Health People: A Community Resource in Fighting Diabetes - SBH Health System
Image of Loretta Fleming helping to fight diabetes

Four-and-a-half years ago, Loretta Fleming weighed 378 pounds and had a blood glucose level off the charts.

When handed a flyer for a workshop series on diabetes self-management by a man who pegged her as someone who might have the disease, she figured, “What do I have to lose?” Over the next few weeks, the one-time nurse’s aide attended weekly classes. The information changed her life – over the subsequent months she would lose 130 pounds and cut her blood glucose level in half. She’s now working on helping her sons – her 31-year-old who has diabetes and her 18-year-old who has just learned he has prediabetes.

“I learned to read labels, to eat in moderation and in portions,” she says. “I learned how to be an advocate for myself by making sure the doctor explains things on my terms and that it was okay to ask questions.”

Loretta embraced the program with such a passion that soon she enrolled in the organization’s intensive seven-week peer education course, learning a curriculum developed by the Stanford Patient Education Research Center. This certified her – and the others in the room – to become an instructor for Health People’s Diabetes Self-Management Program.

Since then, she estimates that she’s brought this information to about 125 people in her community, many of whom she says lacked even the most basic knowledge of a disease that if not controlled can wreak havoc in their lives. Multiply that number by the other people sitting around the table that morning, women like Heidi Rodney, a one-time teacher with diabetes, who now makes healthy smoothies instead of drinking soda, and is overjoyed to be teaching again; Pamela Washington, who lost 28 pounds after taking the workshop, and has since been a diabetes peer educator to drug addicts with the disease; and Nadeem Moore, who has prediabetes and family members who have suffered the cruelties of uncontrolled diabetes, including amputations and blindness, and teaches her students “not to cross the line.”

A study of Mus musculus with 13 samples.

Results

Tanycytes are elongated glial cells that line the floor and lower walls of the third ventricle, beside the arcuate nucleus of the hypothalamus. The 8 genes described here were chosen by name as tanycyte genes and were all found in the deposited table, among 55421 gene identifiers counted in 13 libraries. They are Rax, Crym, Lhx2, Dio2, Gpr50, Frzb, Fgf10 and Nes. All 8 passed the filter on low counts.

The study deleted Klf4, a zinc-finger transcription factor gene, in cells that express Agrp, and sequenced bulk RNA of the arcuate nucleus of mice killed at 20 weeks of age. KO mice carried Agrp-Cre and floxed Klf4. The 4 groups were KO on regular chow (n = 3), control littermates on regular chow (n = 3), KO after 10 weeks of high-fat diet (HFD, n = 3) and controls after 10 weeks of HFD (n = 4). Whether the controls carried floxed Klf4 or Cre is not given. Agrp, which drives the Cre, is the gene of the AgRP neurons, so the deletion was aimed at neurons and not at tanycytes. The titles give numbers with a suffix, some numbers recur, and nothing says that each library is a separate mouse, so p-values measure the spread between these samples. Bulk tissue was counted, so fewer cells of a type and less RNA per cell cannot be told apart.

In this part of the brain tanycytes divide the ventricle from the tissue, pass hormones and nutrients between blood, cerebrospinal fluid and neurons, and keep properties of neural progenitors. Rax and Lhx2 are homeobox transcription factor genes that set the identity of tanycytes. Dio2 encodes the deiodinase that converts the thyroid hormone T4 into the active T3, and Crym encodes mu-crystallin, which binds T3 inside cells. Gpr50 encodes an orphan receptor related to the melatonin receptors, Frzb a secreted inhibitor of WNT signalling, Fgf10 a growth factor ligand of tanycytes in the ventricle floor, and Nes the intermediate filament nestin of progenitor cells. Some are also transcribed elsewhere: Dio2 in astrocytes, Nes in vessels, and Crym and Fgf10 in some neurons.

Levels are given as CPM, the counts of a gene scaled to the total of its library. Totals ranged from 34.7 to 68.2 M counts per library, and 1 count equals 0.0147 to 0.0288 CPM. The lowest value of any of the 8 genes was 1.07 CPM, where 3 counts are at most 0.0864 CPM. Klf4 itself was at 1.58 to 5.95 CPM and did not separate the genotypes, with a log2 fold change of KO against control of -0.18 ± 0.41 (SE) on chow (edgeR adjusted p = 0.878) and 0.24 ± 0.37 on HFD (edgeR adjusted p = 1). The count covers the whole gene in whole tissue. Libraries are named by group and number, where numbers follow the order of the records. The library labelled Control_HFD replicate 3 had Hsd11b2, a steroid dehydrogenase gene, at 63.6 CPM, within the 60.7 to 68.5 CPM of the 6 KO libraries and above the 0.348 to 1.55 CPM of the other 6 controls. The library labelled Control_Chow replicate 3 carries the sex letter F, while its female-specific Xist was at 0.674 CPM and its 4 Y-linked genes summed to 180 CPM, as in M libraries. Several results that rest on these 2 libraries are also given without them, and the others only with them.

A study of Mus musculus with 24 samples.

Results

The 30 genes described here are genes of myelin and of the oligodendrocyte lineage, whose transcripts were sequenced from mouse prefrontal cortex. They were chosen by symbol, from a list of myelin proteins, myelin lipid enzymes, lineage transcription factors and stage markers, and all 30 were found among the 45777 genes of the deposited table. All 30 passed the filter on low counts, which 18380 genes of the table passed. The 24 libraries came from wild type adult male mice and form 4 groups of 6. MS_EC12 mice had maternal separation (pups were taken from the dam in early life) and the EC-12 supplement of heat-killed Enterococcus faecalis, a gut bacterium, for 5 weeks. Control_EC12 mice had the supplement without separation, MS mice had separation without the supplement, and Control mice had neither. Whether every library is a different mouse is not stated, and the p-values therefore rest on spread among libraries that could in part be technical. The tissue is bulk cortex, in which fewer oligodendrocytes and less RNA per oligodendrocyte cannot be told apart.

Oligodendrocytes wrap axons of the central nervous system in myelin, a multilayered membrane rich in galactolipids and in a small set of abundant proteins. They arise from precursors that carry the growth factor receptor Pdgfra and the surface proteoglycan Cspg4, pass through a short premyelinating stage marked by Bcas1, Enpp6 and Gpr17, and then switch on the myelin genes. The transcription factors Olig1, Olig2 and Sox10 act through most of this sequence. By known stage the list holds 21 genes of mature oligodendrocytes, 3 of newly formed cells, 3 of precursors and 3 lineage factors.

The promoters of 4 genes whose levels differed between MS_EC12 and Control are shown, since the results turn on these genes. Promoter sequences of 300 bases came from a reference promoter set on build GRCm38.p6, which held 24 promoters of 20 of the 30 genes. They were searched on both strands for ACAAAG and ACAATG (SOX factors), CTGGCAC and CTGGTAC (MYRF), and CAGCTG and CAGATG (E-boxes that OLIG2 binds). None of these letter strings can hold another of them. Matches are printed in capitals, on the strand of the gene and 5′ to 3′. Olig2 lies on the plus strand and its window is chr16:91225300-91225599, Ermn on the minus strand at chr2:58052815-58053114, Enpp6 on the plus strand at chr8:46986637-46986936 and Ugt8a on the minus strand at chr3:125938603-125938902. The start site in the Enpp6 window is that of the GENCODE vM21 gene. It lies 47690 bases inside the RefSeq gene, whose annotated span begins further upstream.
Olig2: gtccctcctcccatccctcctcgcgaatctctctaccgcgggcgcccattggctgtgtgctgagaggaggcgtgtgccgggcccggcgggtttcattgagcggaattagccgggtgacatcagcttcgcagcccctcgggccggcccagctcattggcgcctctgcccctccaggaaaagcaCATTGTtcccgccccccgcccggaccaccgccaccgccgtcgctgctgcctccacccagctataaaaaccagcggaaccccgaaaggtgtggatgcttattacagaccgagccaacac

The workshops, with each class taught by two peer educators, in both English and Spanish, provide 12 to 20 students with plenty of critical information – how to eat healthy, monitor their blood sugar, exercise, think positively, take their medication, care for their feet, communicate with their health providers, and handle stress. Students develop a weekly action plan, which spells out how many hours a day and for how many days that week they will follow their plan (to walk two miles, cut down on soda, stay away from sweets) and rate, on a scale of one to 10, how much confidence they have in achieving it. Should they fall short, they can then ask the class and teachers for steps they can follow. For example, if someone is still buying soda, they learn to avoid that aisle when shopping.

Loretta Fleming, meanwhile, routinely sees her students in the neighborhood, many of whom give her a hug for how she helped change their lives. “They come up to me to let me know how they’re doing and to tell me that ‘A lot of the stuff you taught me, I’m still doing in my life,’” she says.

She has little doubt about the effectiveness of her efforts. “This is a program that I know works,” she adds. “It can work for anyone. Just look at me.”

The strategy used by Health People to fight diabetes, the Bronx’s most resistant foe, is a simple one: find compassionate people in the community who have witnessed the disease first-hand, give them the tools they need to fight back, and then release them into the community to help others. Health People is one of the 200-plus organizations in SBH Health System’s Bronx Partners for Healthy Communities, whose shared mission is to change the health of people living in the state’s least healthy county. On a cool March day, a dozen or so of Health People’s “diabetes peer educators” sit around a conference table in a walk-up in the south Bronx, passionately discussing what brought them here and how they are changing the lives of those caught up in the county’s diabetes epidemic.